US government officials on Wednesday began an auction to sell 164,750 acres of federally designated waters off the coasts of Massachusetts and Rhode Island for commercial wind energy development.
The sale — for two leases — is the first of its kind in the nation, and the process could spill over into Thursday. By the fourth round of bidding, two bidders were vying for the first lease, offering $535,071 for the expanse, which covers 97,500 acres; meanwhile, one bidder was offering $94,153 for the second lease covering 67,250 acres.
Officials at the federal Bureau of Ocean Energy Management, part of the Department of the Interior, are expected to provide regular updates, with a winner and participants revealed once the auction closes.
The Department of the Interior has identified several areas for wind energy development within federal waters, including a another giant swath about 14 miles off Martha’s Vineyard that extends over 1,160 square miles. No leases are yet available for those waters — which could hold enough turbines to produce 10 times the amount of energy expected from Cape Wind — but several developers have already expressed interest in building there.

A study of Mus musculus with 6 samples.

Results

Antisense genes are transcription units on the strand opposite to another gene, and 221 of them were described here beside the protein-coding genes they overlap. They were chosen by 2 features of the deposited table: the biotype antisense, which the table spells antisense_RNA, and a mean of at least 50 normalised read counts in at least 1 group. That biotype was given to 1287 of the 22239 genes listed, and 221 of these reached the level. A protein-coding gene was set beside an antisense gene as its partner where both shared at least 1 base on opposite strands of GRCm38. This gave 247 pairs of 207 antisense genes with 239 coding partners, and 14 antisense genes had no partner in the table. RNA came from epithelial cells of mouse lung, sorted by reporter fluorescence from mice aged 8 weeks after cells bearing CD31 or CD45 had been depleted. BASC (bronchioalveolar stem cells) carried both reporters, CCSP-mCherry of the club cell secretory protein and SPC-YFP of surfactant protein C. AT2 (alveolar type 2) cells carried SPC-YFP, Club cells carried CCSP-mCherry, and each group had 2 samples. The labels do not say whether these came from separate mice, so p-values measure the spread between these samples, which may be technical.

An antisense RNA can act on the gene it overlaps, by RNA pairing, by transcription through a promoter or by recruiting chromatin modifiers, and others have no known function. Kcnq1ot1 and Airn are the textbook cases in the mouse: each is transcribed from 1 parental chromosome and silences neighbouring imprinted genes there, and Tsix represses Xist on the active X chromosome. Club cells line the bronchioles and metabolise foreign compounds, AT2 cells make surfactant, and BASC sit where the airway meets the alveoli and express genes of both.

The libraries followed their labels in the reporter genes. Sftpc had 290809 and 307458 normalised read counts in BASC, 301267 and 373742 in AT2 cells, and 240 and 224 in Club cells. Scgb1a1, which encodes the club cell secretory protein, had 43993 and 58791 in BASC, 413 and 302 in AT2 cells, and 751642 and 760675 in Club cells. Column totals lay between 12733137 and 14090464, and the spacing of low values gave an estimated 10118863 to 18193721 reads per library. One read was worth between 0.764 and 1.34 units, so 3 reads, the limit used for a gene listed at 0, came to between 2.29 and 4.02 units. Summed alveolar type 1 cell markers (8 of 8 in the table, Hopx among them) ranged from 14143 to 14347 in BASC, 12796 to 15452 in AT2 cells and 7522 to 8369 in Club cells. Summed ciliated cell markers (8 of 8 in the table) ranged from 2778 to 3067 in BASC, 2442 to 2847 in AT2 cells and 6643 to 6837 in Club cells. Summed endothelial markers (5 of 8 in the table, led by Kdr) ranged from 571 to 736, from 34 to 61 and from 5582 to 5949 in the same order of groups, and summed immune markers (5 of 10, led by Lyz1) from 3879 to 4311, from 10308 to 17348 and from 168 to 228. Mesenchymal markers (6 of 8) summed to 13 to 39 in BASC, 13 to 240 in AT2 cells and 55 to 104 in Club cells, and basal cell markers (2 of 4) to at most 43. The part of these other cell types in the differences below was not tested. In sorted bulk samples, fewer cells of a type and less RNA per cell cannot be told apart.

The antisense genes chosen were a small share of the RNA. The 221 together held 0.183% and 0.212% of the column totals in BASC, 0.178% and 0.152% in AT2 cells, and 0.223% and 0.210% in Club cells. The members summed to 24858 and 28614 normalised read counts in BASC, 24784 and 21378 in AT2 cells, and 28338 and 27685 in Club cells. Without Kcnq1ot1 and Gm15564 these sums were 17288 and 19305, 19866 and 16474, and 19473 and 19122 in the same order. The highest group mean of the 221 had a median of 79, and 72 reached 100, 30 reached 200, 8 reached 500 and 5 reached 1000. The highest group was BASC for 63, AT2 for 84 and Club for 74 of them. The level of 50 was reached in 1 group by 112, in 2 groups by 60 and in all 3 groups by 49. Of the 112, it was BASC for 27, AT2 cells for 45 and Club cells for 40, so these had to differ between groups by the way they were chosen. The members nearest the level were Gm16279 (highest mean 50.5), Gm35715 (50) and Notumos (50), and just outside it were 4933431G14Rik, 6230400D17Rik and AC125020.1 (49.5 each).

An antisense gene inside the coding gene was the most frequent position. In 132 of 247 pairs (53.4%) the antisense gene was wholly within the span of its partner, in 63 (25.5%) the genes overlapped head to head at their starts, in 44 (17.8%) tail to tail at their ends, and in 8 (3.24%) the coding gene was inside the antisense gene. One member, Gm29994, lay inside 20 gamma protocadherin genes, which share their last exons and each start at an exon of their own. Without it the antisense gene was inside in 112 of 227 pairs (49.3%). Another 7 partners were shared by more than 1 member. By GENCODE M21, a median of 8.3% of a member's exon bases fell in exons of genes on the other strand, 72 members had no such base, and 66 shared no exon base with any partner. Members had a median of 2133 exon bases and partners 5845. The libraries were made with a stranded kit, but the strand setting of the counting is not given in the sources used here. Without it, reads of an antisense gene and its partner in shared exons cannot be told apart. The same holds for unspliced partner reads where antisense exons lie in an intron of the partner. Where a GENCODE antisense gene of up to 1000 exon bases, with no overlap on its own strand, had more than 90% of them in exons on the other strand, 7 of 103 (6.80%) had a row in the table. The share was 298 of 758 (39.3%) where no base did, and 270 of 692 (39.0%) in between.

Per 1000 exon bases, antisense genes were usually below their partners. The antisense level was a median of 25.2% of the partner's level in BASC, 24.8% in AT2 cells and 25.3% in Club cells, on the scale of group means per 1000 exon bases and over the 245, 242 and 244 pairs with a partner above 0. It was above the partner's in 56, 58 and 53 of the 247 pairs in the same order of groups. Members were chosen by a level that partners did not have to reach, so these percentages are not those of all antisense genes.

The are also areas designated in federal waters off New Jersey, Maryland, and Delaware.
Jonathan Peress, director of clean energy and climate change at the Conservation Law Foundation, an environmental advocacy group in Boston, called Wednesday’s auction a “harbinger of an exciting new era of development of renewable energy in the United States.”
“Offshore wind is New England’s most promising energy resource, and one we must pursue quickly and confidence to reduce greenhouse gas emissions and combat climate change,” he said in a statement issued by the Foundation.
The National Wildlife Federation, in an email, said the auction was also “real progress” toward climate goals set by the Obama administration aimed at increasing the amount of electricity generated by renewable energy resources.